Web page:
The Old Hat No-Hitter?

As a writer for Baseball Nation, it's my responsibility to be present as often as I can to cover big stories. Big stories like breaking trades. Big stories like major injuries. Big stories like a guy throwing a no-hitter.

Given that last one, through the first several weeks of the 2011 regular season, I've found myself following games I didn't think I'd be watching that morning. Many a night at home has had me scrambling to think up possible column ideas, and many a night away from home has had me staring at my phone, hoping for someone to hit a single so I wouldn't miss history while away from the keyboard. Needless to say, it's been kind of a stressful month.

From the beginning, we've had extended no-hit bids almost daily. I can't remember all of them, but I know Josh Johnson had three. Every day it seems like somebody's going at least five or six hitless innings. And lately it's only ramped up. Francisco Liriano finally threw the season's first no-hitter last week. Justin Verlander followed with one of his own four days later. Derek Lowe took a no-hit bid into the seventh on Friday, and Jaime Garcia took a perfect game into the eighth. As Verlander was doing his thing on Saturday, Yovani Gallardo lost a perfect game in the eighth. Anibal Sanchez took a no-hitter into the seventh on Sunday. And just for funsies, even though nobody was buying it, Ryan Vogelsong was perfect for five innings a little later on Sunday afternoon.

With offense down league-wide, the no-hitter mistress has been flirting with everybody, and while we've seen two complete no-hitters over the past week, what's more incredible is that we could've had more. We were just a few breaks away from having three or even four no-hitters within just a handful of days. Considering that there wasn't a single no-hitter in 2005, and that there was only one in 2006, that's insane.

I love a no-hitter. Everybody loves a no-hitter. Everybody wants to watch a guy on their team throw one, and failing that, everybody's happy watching a guy on another team throw one instead. But no-hitters and no-hit bids are growing increasingly frequent, and it's worth considering what this means for the actual no-hitters themselves.

Why are no-hitters such big deals? They're big deals because they require a certain blend of talent, consistency and luck. But basically, they're big deals because they're rare. Or, they're supposed to be rare. Rare feats of sustained individual* accomplishment.

* kind of

So what happens when we start to see more of them? What happens if we start to see more of them completed, and what happens if we start to see more of them almost completed? What happens is that, slowly but surely, they lose their luster. They don't lose their luster completely, because they're still no-hitters, but they're not no-hitters, the way we thought of them a few years ago. They're not the once- or twice- or thrice-a-year feats of brilliance. They're the things that someone new is trying to do every few days.

Justin Verlander's game against Toronto was amazing - and was probably a better-pitched game than Francisco Liriano's - but because Liriano's game had happened so recently, Verlander's was less of a big deal. And although Liriano's no-hitter was the first of the season, it was less of a big deal because of all the no-hitters we saw a year ago, and because of all the no-hit bids we'd seen through the first month. People were always looking for no-hitters, and talking about no-hitters, and no-hitters are at their most astonishing when they come out of nowhere and catch fans by surprise.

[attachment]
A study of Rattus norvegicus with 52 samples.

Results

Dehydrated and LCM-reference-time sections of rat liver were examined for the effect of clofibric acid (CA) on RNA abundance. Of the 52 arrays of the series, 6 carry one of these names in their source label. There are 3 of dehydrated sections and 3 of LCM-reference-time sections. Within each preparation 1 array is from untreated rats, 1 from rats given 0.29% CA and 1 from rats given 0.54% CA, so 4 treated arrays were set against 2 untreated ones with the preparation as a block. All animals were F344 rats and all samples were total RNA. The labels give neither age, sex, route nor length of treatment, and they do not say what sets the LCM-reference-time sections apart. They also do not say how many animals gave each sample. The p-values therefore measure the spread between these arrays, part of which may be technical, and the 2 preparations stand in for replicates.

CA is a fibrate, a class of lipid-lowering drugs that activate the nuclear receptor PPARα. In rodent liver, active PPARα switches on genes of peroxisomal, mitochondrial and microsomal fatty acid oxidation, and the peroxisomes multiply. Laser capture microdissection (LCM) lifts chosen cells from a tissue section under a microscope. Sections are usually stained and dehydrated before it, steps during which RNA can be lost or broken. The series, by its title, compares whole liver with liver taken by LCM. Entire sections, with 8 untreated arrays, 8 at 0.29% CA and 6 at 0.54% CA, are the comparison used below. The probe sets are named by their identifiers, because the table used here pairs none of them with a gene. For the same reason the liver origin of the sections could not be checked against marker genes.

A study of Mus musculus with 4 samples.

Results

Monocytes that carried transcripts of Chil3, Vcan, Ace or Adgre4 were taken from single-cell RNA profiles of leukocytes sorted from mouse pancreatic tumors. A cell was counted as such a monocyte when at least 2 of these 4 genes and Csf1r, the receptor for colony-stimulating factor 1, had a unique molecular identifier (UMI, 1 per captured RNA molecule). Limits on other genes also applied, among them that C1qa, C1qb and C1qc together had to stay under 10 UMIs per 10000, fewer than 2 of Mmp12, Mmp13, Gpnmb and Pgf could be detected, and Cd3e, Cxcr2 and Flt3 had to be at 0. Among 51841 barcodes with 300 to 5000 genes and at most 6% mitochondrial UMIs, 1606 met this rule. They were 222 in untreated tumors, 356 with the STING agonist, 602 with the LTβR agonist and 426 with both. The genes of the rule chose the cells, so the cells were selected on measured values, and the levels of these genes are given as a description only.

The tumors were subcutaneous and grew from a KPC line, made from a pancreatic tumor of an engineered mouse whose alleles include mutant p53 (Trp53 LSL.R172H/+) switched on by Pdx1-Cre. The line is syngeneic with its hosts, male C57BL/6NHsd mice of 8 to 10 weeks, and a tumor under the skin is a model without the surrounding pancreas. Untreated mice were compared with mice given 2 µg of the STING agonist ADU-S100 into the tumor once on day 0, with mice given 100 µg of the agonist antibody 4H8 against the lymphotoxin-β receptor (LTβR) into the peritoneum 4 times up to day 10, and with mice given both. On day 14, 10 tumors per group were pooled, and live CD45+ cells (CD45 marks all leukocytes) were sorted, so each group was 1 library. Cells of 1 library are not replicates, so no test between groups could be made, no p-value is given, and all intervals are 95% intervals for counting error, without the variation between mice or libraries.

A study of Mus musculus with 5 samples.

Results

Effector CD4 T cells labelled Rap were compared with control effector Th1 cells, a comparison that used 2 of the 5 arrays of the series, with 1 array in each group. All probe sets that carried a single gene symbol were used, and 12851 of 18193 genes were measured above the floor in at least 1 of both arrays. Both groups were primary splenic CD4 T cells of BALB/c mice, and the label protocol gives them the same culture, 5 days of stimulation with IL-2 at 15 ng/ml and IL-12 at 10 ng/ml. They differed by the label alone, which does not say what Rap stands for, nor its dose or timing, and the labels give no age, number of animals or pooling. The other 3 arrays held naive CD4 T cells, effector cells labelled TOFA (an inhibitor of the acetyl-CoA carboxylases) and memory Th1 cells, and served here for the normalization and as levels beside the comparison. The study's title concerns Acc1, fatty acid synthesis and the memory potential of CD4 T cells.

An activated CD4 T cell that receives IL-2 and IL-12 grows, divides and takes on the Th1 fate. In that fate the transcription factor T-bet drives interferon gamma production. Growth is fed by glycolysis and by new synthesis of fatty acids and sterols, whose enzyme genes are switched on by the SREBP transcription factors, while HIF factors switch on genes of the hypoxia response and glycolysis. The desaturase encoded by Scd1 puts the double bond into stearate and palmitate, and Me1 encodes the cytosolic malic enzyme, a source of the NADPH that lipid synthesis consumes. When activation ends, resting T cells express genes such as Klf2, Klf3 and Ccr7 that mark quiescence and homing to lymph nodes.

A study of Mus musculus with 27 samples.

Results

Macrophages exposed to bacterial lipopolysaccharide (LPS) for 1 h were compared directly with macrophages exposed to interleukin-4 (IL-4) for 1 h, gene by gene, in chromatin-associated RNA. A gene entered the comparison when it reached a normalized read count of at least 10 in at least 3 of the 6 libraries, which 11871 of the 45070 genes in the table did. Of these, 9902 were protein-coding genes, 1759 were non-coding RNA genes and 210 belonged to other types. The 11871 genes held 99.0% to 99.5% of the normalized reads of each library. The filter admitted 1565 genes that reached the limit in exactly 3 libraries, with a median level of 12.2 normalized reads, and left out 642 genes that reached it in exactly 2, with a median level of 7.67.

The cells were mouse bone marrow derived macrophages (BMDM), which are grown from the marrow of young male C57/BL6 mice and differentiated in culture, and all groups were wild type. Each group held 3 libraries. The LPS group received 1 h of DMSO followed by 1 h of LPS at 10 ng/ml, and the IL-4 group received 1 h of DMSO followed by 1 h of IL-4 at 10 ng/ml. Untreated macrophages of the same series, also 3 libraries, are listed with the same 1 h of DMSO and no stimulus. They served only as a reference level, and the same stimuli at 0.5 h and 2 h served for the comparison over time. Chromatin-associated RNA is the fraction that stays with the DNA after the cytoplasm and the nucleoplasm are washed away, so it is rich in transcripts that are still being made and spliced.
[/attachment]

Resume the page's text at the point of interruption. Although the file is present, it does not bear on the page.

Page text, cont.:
Offense goes through its peaks and lulls, and this isn't the first time that pitchers have seemingly been in command. There were 14 no-hitters in 1990 and 1991, when offense was also at a low level. But because of the fluctuations in offense, there are corresponding fluctuations in the value of throwing a no-hitter. And while a no-hitter will always be rare, and will always be exciting, it isn't always as rare, or as exciting. Though the term itself suggests something improbable, and though no-hitter memorabilia gets sent to the Hall of Fame, a no-hit bid right now doesn't quite feel as good as we'd probably like it to.

This is not intended to disparage Liriano or Verlander, who threw games that they and their fans will never forget. It's more of a response to this recent flood of attempts that even a casual baseball fan couldn't help but notice. Just the other day I was watching Felix Hernandez go to work against the White Sox, and while it seemed from his first pitch that he was throwing no-hit stuff, I didn't get the same feeling that I did in the stands for his Fenway one-hitter in 2007. I was excited and hopeful, but I wasn't going to call all my friends to make sure they were watching. Another potential no-hitter? Add it to the pile.

The no-hitter will always occupy a special place in our hearts, but as the frequency of attempts and successes rises, the average appreciation sinks. Maybe there's something we can do to make up for it. Some other spectacular accomplishment we can try to appreciate more. Since the beginning of last season, there have only been 11 games in which a batter took at least six trips to the plate and reached base in each. That's amazing. I don't know. Maybe this is just something we accept or ignore. It's not like no-hitters are literally going to start happening every other day, and they'll still feel great when they actually happen. But it's something to think about. Something aside from another no-hitter attempt.